The General Court of the European Union annulled the European Commission’s decision not to investigate or object to the subsidy scheme, suspending the market responsible for "keeping the lights on" in the UK.
The case was brought by flexibility services provider Tempus Energy, which successfully argued the capacity market discriminates against energy consumers who want to deliver energy demand services to the grid, in favour of gas, nuclear and coal power stations.
Tempus argued the short length of contracts offered for demand-side response services compared to new-build plants, which can claim 15-year deals, was discriminatory.
Sara Bell, CEO of Tempus Energy, said the ruling should force the UK government to "maximise climate-friendly renewables."
Climate Action Network Europe (CAN) said the ruling "casts doubt" over many capacity mechanisms in place across Europe, such as Poland’s which is modelled on the UK’s and estimated to cost Polish taxpayers up to €14bn mostly supporting existing coal plants.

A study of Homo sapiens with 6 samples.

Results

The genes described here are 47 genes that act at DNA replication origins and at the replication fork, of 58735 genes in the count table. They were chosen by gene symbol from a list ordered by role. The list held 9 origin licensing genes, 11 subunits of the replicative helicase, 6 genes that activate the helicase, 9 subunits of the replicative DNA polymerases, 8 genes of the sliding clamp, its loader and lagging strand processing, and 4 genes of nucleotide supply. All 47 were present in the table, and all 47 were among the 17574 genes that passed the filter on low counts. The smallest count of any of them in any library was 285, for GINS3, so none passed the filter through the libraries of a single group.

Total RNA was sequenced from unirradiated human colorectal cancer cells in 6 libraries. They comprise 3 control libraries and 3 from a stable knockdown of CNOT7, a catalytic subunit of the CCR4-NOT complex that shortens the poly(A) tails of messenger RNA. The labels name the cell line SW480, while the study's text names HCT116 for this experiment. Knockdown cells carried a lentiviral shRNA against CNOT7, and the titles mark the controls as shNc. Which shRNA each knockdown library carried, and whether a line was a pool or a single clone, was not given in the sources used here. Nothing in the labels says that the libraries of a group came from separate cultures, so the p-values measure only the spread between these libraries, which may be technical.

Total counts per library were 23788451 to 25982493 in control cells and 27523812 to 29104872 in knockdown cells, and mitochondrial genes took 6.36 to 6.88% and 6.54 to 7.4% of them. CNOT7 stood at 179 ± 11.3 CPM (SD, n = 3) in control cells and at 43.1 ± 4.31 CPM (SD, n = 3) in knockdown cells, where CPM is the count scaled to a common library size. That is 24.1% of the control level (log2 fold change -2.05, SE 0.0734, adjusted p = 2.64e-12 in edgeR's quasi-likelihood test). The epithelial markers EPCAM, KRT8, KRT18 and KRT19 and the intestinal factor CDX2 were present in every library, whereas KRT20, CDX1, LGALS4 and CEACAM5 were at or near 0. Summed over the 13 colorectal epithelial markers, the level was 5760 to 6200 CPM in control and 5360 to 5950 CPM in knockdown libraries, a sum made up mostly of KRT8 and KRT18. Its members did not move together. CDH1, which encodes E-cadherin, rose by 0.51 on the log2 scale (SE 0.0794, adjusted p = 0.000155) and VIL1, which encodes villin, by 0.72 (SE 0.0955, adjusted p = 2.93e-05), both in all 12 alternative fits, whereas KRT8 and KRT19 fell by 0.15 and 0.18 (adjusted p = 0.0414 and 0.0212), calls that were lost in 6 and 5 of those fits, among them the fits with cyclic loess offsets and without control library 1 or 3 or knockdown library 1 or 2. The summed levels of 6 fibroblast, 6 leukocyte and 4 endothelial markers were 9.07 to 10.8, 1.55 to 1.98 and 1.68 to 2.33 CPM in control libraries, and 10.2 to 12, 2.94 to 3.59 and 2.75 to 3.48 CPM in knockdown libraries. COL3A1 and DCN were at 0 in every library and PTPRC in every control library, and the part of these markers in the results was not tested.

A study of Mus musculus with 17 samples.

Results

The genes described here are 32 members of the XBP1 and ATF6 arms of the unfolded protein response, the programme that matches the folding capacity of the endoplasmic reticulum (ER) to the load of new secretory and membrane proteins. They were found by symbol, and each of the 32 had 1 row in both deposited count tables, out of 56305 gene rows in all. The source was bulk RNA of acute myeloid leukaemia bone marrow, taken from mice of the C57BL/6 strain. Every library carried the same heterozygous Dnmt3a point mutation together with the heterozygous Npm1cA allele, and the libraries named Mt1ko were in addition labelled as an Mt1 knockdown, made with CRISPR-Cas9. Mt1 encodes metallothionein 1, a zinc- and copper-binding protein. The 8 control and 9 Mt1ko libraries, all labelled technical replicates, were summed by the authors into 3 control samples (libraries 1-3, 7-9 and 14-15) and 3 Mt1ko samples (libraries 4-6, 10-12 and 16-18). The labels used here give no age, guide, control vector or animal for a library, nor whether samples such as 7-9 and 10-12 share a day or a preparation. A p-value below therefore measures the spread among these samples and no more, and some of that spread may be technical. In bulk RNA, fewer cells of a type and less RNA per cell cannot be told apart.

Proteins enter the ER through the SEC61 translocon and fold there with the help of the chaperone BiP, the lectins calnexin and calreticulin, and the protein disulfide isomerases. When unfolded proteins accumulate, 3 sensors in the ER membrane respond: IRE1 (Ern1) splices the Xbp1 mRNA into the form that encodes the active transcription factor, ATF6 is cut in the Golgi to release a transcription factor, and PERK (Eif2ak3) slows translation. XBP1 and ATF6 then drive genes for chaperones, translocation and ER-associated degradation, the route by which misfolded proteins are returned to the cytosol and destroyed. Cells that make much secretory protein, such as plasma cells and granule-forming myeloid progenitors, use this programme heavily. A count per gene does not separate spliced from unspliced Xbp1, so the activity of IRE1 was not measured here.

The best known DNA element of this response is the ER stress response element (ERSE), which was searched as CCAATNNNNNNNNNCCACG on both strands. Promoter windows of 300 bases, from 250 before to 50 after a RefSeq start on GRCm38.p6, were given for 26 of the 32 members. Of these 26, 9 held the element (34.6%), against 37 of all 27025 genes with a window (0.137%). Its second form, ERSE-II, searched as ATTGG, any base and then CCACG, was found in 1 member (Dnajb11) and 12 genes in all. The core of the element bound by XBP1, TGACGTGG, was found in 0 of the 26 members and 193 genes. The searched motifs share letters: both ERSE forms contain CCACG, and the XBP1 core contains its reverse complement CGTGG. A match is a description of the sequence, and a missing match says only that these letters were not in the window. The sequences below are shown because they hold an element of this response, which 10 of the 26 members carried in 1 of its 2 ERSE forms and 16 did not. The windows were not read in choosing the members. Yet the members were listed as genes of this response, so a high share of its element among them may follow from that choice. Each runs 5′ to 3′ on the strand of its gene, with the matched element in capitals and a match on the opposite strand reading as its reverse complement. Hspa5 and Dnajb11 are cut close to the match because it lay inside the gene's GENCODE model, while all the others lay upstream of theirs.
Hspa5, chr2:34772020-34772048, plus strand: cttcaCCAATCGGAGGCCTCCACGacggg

Coal policy coordinator at CAN, Joanna Flisowska, said the court ruling "confirms that in practice capacity mechanisms are used to hand out money to fossil fuels rather than for security of supply. This casts doubt on other capacity markets, especially the Polish one."
The ruling comes as negotiations between MEPs and member states over controversial electricity market reforms remain deadlocked, unable to agree an an end to subsidies for coal-fired power generators.
Member states, including Poland and UK, are opposed to ending subsidies.
Flisowska said: "At the upcoming trilogue negotiations the EU must correct its faulty rules and exclude immediately the most polluting plants, and coal in particular, from capacity mechanisms."